Central banks seem to reckon that the yellow metal is a good investment. They’re buying it for their reserves at the highest rate for almost half a century. Last year their net purchases reached $27 billion – 74 per cent more than in 2017.
Russia, Turkey and Kazakhstan were the biggest purchasers as the deteriorating political climate spurred them to convert some of their foreign reserves out of dollars. Hungary increased its bullion holdings tenfold. Even Poland is buying tons of gold.
It’s clear that the down-trend in gold prices since 2011 came to an end last year. The metal’s price has been rising steadily since mid-August. Where is it heading this year?
“The macroeconomic and geopolitical climate is conducive to continued gains in both gold and silver, and the precious metals equities,” says American stockbroker Cantor Fitzgerald, given:
Gold’s recent and historical strong performance in a rising interest-rate environment.
Should inflation expectations rise, this typically is a very bullish leading indicator for gold and silver.
The inflection point where physical gold outflows from ETFs ceases and inflows resumed was reached in the final quarter of last year and inventory holdings have continued to climb.
Uncertainty and volatility in global equity, debt and currency markets draw investors to safe havens. There is considerable upside potential as “precious metals equities are still widely under-owned by sophisticated international investors.”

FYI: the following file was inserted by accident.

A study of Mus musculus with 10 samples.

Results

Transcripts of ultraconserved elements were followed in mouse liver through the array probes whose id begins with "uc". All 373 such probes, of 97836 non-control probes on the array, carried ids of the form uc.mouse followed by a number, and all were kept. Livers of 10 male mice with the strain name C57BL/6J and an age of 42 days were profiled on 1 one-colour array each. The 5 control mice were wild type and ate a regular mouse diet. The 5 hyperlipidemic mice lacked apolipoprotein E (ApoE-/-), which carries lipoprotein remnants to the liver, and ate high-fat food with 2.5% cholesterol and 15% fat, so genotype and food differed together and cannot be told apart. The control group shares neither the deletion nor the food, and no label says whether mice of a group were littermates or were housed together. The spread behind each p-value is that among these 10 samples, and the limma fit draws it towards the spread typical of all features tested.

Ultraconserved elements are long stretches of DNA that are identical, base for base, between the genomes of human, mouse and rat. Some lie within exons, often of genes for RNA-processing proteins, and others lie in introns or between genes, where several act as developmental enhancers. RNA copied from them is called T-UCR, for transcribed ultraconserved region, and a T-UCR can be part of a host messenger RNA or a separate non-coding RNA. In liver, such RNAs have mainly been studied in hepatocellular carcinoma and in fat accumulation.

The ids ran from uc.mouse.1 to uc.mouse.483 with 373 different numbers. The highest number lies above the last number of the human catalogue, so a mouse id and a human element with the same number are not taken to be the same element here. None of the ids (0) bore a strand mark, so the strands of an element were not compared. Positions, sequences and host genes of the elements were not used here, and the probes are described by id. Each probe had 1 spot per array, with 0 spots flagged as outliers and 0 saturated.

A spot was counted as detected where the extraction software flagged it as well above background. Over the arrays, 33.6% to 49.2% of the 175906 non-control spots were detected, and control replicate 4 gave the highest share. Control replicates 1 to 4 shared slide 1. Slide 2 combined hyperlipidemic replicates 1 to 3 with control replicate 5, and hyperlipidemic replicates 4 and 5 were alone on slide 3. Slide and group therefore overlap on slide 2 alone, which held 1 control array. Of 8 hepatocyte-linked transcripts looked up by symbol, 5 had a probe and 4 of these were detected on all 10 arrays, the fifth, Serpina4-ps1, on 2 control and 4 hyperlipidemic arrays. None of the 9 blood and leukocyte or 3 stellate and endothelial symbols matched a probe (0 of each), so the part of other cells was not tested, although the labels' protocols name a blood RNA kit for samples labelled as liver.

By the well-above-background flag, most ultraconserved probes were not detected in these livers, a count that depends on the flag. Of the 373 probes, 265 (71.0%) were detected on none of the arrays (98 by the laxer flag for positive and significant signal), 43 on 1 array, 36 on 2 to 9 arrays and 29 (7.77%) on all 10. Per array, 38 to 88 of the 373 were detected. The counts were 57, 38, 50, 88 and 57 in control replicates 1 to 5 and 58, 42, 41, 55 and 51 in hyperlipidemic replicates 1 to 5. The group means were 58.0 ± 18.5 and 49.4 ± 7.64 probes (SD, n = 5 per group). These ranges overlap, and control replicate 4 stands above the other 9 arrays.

Gold is one of the most popular and yet misunderstood of all alternative assets. It is commonly perceived as a hedge against inflation but also does well during periods of deflation. It is perhaps better to think of it as a hedge against stealth inflation when negative real interest rates prevail.
When we get outright inflation, we see interest rates rising in response. Gold does well for as long as it takes central banks to raise rates faster than the pace of inflation. Once positive real interest rates are achieved it acts as a headwind for all assets than do not pay a yield.
In a deflationary environment, gold experiences a reducing headwind from interest rates and therefore tends to do better.
The ideal situation for gold is when you have declining faith in the reliability of governments to protect the purchasing power of their currencies. When deficits are pursued and the value of fiat currencies are questioned that is when fears of stealth inflation predominate and gold’s limited supply becomes increasingly attractive. There is an increasingly convincing argument that we are entering just such a period now.
The metal pulled back today from the psychological $1350 area suggesting some consolidation is beginning.